Tony Cornish gains a lot of favor with Minnesota gun owners for being pro-gun rights. However, he’s also a ruthless statist and apologist for rampant abuses of power by police. Two days ago he submitted a letter to the editor to the Star Tribune that offers tips on how us lowly peasant can survive police encounters. Let’s take a look at his tips and translate them into laymen’s terms:
Lately, some advocacy groups have been asking what we can do to “reduce the use of force by police.” Well …
1) Don’t be a thug and lead a life of crime so that you come into frequent contact with police.
So… don’t be a cop?
2) Don’t rob people, don’t use or sell drugs, and don’t beat up your significant other.
Again, don’t be a cop?
3) Don’t hang out on the street after 2 a.m. Go home.
Don’t work night shifts.
4) Don’t make furtive movements or keep your hands in your pockets if told to take them out.
Shut up, slave, and do what the aggressive man who is showing intent to cause you harm demands you to do!
5) Don’t flap your jaws when the police arrive. Don’t disobey the requests of the police at the time. If you think you are wrongfully treated, make the complaint later.
Again, shut up, slave. If you think you’re being abused you should take it! You can file a complaint later, if you survive.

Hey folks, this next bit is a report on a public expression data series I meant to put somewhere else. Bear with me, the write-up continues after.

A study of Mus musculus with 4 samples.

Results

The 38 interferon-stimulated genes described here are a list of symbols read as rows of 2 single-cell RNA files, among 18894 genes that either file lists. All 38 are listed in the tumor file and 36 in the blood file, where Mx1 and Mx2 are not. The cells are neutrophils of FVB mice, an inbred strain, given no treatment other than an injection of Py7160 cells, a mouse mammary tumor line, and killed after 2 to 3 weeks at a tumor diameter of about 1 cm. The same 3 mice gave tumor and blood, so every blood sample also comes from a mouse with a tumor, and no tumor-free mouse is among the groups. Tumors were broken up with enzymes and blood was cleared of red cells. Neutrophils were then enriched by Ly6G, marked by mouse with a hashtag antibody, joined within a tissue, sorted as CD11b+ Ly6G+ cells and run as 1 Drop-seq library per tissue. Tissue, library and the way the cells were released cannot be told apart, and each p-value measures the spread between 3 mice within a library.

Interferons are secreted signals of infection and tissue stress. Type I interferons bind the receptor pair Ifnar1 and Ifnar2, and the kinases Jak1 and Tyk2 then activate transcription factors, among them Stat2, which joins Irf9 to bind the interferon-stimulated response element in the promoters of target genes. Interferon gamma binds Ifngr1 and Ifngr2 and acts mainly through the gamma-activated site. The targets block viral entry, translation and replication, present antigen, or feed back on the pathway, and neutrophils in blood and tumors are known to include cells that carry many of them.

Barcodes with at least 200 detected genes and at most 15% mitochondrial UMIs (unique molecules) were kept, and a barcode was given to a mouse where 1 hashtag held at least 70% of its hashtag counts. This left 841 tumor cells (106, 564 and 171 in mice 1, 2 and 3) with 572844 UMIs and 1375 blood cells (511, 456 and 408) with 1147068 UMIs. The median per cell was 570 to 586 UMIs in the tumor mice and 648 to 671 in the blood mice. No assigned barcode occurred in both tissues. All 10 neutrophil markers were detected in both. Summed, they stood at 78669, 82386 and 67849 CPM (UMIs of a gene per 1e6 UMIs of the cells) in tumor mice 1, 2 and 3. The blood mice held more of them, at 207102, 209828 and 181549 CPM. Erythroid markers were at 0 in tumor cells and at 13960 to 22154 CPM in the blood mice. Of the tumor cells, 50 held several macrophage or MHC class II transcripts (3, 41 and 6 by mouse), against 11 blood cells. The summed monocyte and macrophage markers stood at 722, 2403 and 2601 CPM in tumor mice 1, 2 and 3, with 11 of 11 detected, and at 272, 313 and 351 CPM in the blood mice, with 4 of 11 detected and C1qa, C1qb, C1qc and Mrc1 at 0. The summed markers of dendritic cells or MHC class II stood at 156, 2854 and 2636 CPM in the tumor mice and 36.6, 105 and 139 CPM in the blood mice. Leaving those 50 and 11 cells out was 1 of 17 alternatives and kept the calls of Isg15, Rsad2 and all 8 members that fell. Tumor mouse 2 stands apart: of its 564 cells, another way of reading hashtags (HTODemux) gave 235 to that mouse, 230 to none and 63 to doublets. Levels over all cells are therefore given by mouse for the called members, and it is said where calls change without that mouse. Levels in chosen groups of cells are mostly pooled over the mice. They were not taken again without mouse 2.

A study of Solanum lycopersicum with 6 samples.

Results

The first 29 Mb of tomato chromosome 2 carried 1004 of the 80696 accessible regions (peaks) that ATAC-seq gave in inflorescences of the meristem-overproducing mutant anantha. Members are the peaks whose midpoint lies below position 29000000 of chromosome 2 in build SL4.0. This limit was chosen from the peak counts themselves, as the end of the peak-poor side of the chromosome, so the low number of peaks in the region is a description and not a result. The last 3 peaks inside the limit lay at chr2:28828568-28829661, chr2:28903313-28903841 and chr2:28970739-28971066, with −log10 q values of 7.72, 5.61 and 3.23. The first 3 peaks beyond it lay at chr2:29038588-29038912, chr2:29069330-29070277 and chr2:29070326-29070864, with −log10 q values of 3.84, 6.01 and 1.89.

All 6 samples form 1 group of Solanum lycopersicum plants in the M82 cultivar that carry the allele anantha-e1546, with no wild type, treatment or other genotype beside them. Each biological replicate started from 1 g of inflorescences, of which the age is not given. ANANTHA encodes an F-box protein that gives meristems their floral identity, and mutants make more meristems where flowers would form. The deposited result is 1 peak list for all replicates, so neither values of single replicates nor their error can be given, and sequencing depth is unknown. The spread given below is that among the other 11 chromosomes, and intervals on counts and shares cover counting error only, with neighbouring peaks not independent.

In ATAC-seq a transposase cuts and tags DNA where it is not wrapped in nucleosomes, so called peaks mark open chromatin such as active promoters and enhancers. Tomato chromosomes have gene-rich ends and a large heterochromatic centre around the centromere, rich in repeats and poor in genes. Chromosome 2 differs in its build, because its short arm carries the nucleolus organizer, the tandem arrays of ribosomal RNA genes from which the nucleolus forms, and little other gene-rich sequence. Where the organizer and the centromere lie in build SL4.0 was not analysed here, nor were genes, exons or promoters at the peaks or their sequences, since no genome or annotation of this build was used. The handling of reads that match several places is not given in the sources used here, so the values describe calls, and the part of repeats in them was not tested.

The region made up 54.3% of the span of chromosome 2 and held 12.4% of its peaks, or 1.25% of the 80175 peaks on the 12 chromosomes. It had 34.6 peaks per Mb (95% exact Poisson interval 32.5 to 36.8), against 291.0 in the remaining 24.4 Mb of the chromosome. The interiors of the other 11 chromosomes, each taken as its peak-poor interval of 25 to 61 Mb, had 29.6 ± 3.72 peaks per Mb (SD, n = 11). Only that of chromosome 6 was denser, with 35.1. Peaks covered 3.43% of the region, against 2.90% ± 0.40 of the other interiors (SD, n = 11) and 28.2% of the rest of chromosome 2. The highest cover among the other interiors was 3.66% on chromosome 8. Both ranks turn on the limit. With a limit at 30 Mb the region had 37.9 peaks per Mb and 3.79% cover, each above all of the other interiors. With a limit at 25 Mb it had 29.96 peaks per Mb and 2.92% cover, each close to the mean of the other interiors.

6) Don’t use the excuse of a lack of a job or education for why you assault, rob or kill.
Instead become a cop so you have the excuse of having a job to assault, rob, and kill!
Tips one and two seem to disagree with tip six. The first two advise you to not live a light of thuggery, theft, and violence, which means you should avoid becoming a law enforcer. But then tip six advises you to have a job that allows you to commit assault, robbery, and murder, which is what law enforcers do. Tip three is bizarre since it’s basically a variation of blaming a woman’s clothing choice for her being raped. The only difference is he’s blaming a person’s work shift for being harassed or assault by the police. I also find the other two tips alarming because they advise you to submit to and cooperate with your abuser.
It probably won’t surprise any of you that Tony Cornish is a former police officer. It also shouldn’t surprise anybody that a man who sought a career choice that gave him power over others sought another career choice that gave him power over others. As you can probably tell from his letter he really enjoys being in a position of power. I wonder how he would feel if he was on the receiving end of the State’s truncheon instead of the giving end.